South Korea: Authorities to cull 3 percent of poultry to contain bird flu (H5N6)

Jane Cheung, Reuters
29 November 2016.

South Korea will cull 3 percent of its total poultry population to curb an outbreak of bird flu that has hit a number of farms across the nation, its agriculture ministry said on Tuesday.

Since a severe strain of bird flu known as H5N6 cropped up on Nov. 18, Asia’s fourth-largest economy has stepped up its quarantine measures to contain the virus, including issuing a 48-hour nationwide standstill order for this last weekend.

Despite the efforts, Korea’s Ministry of Agriculture, Food and Rural Affairs said in a statement on Tuesday that four new cases of H5N6 had been confirmed in central South Korea.

That brings the total number of infected birds to 13 since H5N6 appeared about two weeks ago, according to the statement. Nine other farm birds are also being tested for suspected infections, it said.

To contain the further spread of the virus, the ministry will slaughter at least 2.78 million birds, including 1.68 million that have already been culled, the ministry said.

That would be nearly 3.3 percent of South Korea’s total poultry population of 84.7 million.

Sales of chicken, eggs and ducks at three major discount stores – E-Mart Inc, Lotte Mart and Homeplus Stores Co [ELARE.UL] – have not dropped as consumers know that poultry products are safe to eat as long as they are cooked properly, company spokesmen at the three retailers said.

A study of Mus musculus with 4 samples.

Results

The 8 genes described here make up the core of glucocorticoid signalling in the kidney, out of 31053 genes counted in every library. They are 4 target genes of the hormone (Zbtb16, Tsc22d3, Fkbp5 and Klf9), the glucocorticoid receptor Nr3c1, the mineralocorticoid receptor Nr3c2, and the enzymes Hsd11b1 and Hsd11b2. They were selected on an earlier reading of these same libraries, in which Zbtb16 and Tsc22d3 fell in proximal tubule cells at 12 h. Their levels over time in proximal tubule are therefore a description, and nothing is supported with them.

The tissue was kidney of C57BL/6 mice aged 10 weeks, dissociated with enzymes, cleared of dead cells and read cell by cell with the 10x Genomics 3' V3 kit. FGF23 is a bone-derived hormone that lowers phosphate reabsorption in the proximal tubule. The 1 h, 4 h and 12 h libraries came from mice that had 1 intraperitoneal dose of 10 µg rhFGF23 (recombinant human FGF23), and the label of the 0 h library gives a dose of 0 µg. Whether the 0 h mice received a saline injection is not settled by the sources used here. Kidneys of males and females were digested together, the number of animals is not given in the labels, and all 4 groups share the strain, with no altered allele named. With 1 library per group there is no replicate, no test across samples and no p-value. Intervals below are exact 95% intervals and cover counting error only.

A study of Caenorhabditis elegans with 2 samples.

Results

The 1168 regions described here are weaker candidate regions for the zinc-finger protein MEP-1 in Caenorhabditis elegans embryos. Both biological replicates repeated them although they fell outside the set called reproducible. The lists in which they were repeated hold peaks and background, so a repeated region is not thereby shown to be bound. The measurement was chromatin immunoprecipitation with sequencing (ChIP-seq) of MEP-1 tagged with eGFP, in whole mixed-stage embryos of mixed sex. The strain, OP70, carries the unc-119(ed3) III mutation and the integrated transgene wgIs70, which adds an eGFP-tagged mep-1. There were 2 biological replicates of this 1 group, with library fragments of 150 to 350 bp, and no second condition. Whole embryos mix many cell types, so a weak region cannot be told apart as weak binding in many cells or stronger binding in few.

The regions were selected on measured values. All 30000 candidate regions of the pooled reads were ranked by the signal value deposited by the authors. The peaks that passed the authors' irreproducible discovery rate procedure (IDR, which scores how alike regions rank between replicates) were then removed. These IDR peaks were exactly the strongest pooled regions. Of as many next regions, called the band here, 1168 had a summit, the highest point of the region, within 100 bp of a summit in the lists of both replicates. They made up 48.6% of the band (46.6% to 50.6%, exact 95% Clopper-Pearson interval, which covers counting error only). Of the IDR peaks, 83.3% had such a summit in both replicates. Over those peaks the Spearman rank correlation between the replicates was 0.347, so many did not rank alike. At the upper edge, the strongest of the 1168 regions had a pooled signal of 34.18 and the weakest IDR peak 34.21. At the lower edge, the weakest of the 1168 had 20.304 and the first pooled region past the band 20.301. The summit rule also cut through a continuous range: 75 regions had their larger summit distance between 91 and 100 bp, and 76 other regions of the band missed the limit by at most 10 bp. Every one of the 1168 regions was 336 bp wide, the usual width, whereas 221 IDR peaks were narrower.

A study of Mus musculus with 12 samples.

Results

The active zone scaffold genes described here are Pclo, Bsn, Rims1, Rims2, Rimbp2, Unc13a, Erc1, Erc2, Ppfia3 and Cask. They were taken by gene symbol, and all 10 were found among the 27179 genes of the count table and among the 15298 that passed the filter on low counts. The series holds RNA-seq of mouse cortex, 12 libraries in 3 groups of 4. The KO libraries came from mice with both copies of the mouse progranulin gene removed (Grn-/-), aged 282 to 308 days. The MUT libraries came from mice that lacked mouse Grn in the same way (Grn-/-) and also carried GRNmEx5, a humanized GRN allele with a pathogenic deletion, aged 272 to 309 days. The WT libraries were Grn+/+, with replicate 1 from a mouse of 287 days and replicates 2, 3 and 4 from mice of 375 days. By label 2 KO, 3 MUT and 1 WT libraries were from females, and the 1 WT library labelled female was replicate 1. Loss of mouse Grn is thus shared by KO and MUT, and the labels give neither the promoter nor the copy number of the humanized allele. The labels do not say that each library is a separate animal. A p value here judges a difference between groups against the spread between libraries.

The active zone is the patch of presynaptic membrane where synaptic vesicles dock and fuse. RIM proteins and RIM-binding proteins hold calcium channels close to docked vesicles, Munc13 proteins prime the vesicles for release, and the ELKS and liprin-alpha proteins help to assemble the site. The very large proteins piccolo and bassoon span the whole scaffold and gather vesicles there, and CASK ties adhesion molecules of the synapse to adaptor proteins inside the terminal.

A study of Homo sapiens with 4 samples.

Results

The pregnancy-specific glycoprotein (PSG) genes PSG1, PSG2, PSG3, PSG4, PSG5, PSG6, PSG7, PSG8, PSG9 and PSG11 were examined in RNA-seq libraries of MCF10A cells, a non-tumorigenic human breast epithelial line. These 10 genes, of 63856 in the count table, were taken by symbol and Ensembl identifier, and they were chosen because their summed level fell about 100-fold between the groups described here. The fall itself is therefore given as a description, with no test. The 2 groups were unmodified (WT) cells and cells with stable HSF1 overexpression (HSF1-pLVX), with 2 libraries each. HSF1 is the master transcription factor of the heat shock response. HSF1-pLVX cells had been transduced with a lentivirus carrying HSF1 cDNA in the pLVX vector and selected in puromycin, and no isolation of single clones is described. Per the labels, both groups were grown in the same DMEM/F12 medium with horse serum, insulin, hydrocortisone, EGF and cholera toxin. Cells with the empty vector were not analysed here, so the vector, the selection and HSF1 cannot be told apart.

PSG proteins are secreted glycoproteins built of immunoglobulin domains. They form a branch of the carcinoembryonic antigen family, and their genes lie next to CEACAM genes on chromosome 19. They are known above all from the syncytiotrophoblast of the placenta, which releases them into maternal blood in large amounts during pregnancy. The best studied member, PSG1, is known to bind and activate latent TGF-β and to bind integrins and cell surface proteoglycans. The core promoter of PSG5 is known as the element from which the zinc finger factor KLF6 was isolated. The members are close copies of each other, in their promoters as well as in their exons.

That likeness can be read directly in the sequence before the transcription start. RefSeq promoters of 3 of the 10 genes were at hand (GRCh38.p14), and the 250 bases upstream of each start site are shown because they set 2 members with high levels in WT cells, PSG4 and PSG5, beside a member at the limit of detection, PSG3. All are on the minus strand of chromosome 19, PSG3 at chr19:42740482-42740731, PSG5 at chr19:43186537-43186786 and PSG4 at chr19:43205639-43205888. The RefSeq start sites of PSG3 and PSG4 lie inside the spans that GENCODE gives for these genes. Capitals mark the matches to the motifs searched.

Supplies of chicken and duck meat and eggs have not tightened, an agriculture ministry official said, but it would have to implement measures such as importing more to meet demand if the bird flu outbreak was prolonged.

 South Korea’s poultry supply is self-sufficient, but it still imports some chicken products, mainly from Brazil, Denmark and the United States.

South Korea’s bird flu outbreak comes amid a growing number of cases in several other countries, including France and Germany. Besides South Korea, the other most recent cases were reported on Friday in Japan, the first outbreak of avian flu there in nearly two years.

Cases of human infections from the H5N6 virus have previously been reported elsewhere, with the virus killing at least 10 people in China since April 2014. No cases of human infection have been detected in South Korea.